UNB COVID outbreak is travel-related, but other details scarce

·3 min read
The University of New Brunswick said Public Health will contact anyone who is considered a close contact to the COVID-19 cases at Magee House in Fredericton and provide further direction. (Google Street View - image credit)
The University of New Brunswick said Public Health will contact anyone who is considered a close contact to the COVID-19 cases at Magee House in Fredericton and provide further direction. (Google Street View - image credit)

Two universities and a college in Fredericton remain under lockdown Tuesday after six cases of COVID-19 have been confirmed at a residence at the University of New Brunswick.

But few new details have been made public about the outbreak at Magee House, which has 101 apartment-style units for mature students, some of whom may have school-age children.

Chief Medical Officer of Health Dr. Jennifer Russell confirmed the outbreak is travel-related, but declined to be more specific.

"Whether you travel outside of the province, in another area of this country, or another country, the variants are everywhere," she told reporters during the COVID briefing.

Public Health officials are "very concerned about the fact that this outbreak in Zone 3 [the Fredericton region] is a variant and it's the India variant that we're very, very concerned about in terms of being very, very, very aggressive in terms of being contagious and causing more severe symptoms," Russell continued, without clearly stating whether the case of the variant first recorded in India confirmed Monday in the Fredericton region is at Magee House.

Niether the Department of Health nor UNB officials would say.

Russell said she "wouldn't necessarily say" the outbreak started because someone failed to self-isolate properly.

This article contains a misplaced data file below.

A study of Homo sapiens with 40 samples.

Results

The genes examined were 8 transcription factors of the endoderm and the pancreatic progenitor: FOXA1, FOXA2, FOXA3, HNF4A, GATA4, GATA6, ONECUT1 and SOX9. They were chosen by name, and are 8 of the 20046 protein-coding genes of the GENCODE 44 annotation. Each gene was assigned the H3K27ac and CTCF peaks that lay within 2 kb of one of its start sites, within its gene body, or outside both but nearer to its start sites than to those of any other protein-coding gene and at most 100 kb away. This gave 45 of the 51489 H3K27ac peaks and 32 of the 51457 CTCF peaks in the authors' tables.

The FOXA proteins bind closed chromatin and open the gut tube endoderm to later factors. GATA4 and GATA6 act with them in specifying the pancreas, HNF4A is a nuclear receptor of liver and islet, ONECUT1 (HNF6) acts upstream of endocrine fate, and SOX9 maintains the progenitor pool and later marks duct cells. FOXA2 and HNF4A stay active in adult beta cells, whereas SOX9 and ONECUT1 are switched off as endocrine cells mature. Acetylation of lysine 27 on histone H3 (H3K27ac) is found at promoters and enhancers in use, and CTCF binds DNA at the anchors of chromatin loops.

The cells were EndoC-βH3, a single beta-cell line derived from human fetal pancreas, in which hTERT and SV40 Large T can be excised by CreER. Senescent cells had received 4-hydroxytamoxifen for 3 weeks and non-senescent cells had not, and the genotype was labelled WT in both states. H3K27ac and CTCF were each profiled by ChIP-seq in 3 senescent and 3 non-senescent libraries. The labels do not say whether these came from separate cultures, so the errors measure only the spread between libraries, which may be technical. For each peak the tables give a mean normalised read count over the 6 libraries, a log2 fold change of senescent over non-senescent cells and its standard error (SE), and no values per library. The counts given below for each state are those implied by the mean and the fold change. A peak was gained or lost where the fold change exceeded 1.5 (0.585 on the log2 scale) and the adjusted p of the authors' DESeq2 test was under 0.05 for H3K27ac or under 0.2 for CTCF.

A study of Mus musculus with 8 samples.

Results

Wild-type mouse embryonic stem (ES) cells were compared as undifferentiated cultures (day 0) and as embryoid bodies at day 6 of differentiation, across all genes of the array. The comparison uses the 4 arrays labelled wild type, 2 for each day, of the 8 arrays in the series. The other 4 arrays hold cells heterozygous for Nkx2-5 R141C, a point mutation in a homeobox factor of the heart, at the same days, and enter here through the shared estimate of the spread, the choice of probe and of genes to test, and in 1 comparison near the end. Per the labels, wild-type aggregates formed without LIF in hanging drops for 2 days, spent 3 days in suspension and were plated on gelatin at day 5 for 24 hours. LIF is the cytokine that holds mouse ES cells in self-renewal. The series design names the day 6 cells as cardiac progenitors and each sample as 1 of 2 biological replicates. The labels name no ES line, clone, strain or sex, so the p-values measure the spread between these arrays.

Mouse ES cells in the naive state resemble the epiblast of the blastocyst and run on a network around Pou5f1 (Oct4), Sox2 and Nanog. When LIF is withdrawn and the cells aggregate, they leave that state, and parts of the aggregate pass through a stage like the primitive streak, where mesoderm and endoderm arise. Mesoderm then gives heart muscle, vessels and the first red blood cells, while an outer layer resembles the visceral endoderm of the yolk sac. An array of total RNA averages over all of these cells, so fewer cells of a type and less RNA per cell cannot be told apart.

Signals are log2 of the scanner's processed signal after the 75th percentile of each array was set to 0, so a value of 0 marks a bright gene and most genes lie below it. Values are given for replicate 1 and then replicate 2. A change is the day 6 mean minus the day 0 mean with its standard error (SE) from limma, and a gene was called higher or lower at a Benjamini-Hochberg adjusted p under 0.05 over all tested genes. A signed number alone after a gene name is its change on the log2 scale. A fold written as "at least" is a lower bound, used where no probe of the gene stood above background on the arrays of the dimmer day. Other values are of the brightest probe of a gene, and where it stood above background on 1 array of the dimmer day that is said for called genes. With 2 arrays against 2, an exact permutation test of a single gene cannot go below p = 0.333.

"You know, I think people try to do their best and they try to take all the precautions necessary. But I don't really have any more details around this particular situation."

UNB did not answer questions about the protocols it had in place for students returning from travel, how those were communicated to students, or what precautions it took to ensure travelling students self-isolated properly.

Residents, family members and staff of Magee House were tested Sunday afternoon.

As of about 4:45 p.m. AT Tuesday, Department of Health spokesperson Bruce Macfarlane said the results were "starting to trickle in." He did not say whether anyone else has tested positive.

A second round of testing is planned for Wednesday, he said.

Dr. Jennifer Russell said the transmission pattern of the variant in this outbreak is 'very concerning.'
Dr. Jennifer Russell said the transmission pattern of the variant in this outbreak is 'very concerning.'(Government of New Brunswick)

Meanwhile, because of an exposure to a case of COVID-19, residents and staff of UNB's Elizabeth Parr-Johnston residence were expected to be tested Tuesday.

This building, which has two or three single bedrooms per suite, each with a shared washroom, kitchen and living area, can house up to 169 people.

None of those test results has been released.

UNB spokesperson Heather Campbell did not answer questions about how many students and children are self-isolating and undergoing testing.

St. Thomas University and the New Brunswick Community College switched Monday to the essential services model for 72 hours because of their proximity to UNB and the potential for exposure.

Ventilation upgrades

Asked Tuesday about the ventilation of the two UNB residences, Russell said some "minor changes" were recommended "to make sure that there is no problems in terms of contamination of the airflow, et cetera.

"So they're working on that as we speak."

Magee House opened in 1970 and Elizabeth Parr-Johnston opened in 2006, according to the university's website.

UNB president and vice-chancellor Paul Mazerolle said in a statement the university understands the presence of COVID-19 variants is "a significant concern," and it takes the threat "very seriously."

"We have been in constant communication with New Brunswick Public Health, sometimes on an hourly basis," he said.

"As more contact tracing and testing is completed, plans and actions may need to be revised to minimize the risk of spread."